Authors / Watch & Listen

Tim Winton's Island Home: A Call to Arms

Milkweed Staff — 05/16/2017

But the book also does much more.

The Guardian calls Island Home less a memoir and more a call to arms:

Australian writers have largely failed to explore the physicality and beauty of lives lived in Australian places, argues Winton, a failure that may well be tied to deeper cultural currents. For generations of settler-Australians, our landscapes have been treated as “territory” to be explored and exploited, from which to gouge a living (or a fortune). There has been a lack of love for country or to see it for what it really is.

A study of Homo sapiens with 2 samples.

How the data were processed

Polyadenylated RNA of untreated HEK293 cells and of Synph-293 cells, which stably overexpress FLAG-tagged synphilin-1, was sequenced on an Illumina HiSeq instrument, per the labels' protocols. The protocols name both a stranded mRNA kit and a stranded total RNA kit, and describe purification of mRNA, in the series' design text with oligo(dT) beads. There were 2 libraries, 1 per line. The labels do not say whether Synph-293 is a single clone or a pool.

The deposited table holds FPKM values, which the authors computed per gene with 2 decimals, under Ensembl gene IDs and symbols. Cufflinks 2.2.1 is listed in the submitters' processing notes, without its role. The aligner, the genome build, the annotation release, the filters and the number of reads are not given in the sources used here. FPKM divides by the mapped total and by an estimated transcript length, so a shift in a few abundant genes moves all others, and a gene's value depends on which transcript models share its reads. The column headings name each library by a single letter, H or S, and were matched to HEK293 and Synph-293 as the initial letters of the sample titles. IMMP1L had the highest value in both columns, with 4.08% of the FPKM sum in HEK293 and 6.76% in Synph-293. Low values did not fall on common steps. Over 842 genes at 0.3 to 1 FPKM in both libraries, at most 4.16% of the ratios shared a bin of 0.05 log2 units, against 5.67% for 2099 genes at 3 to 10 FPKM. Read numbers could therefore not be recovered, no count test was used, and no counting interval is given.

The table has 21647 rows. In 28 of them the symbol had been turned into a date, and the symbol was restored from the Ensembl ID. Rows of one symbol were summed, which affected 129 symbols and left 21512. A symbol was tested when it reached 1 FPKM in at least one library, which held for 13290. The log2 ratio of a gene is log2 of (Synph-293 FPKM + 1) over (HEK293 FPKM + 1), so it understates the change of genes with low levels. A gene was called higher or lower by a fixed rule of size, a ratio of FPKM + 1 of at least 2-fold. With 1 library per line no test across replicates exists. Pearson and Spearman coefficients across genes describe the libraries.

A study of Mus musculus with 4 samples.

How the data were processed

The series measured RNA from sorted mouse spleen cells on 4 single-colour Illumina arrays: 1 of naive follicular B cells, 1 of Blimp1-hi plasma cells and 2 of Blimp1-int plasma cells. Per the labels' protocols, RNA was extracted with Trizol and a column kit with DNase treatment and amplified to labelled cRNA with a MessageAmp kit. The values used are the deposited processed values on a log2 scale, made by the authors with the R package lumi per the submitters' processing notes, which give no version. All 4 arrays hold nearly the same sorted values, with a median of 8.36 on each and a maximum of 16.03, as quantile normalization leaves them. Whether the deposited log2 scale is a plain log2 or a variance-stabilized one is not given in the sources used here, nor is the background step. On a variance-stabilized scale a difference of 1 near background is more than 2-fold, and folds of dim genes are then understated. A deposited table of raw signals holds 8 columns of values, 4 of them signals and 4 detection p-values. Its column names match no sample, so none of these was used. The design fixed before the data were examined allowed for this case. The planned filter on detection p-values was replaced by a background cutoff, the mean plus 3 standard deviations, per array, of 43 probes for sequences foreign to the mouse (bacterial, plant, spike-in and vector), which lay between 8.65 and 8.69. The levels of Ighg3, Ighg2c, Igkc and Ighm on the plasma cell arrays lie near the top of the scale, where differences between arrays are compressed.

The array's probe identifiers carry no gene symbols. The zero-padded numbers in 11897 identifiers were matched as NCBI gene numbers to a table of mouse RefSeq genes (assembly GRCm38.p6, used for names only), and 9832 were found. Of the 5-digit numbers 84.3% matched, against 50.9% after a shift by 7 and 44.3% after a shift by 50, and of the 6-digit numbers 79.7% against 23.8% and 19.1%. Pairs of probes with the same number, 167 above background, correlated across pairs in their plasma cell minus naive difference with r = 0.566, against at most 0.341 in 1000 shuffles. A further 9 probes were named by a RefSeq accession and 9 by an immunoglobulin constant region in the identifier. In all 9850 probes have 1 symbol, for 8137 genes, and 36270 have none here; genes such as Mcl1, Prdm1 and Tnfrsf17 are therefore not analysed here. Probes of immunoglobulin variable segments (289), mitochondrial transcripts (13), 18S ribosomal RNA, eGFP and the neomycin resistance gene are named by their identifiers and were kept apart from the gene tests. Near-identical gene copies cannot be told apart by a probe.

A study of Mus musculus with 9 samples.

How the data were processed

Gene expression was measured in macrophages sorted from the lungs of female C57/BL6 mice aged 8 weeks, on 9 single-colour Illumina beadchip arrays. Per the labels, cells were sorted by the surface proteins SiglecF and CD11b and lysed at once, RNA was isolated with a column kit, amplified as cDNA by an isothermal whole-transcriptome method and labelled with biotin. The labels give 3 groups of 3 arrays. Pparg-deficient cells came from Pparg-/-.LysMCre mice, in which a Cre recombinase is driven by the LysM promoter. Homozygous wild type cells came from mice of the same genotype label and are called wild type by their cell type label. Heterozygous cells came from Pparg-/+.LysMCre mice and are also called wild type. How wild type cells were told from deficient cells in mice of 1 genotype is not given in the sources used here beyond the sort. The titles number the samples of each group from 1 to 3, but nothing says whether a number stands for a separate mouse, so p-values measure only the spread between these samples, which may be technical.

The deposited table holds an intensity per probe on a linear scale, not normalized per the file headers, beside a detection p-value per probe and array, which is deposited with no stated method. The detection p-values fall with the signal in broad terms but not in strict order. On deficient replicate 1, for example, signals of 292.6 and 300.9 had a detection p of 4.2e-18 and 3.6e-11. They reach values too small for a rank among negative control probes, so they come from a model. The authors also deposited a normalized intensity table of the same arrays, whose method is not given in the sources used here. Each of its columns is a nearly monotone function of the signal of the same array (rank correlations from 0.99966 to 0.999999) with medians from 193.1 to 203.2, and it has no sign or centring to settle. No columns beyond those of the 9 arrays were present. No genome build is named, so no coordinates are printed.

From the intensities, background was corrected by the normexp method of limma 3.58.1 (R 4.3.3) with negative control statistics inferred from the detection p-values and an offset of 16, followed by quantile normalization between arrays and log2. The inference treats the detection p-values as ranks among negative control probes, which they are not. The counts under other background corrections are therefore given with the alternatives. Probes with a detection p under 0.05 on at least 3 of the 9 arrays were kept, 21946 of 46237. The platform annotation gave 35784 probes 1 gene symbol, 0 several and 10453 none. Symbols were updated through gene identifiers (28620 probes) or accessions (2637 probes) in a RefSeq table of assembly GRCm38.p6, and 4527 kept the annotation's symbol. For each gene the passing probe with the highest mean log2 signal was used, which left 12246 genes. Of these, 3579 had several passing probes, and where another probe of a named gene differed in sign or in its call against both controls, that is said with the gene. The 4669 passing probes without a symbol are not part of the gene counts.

The consequences of this carelessness are saddening. Our cities are wealthy. That wealth is Australia’s principal achievement of the past century or so. But the costs have been high. Hugging the coasts are Australia’s arable regions—denuded, often degraded, many of these areas were forests just 200 years back. Scattered across the country are thousands of abandoned mines that will leak pollution into our rivers and creeks for generations. Offshore we empty the oceans of life, even as we oversee an experiment in extinction on land.

But there is also cause for hope. Winton sees a shift in thinking, from a view of Australian land as “territory” to “country”, a complex living place that shapes us every bit as much as we shape it.

Through writing that takes us deep into the unexplored beauties of the Australian landscape, we find concerns relevant to us all, well beyond the shores of Australia.

“The world is our home,” Winton says. “We often forget the terms under which we exist. We exist because of nature, we exist through nature, and in nature.”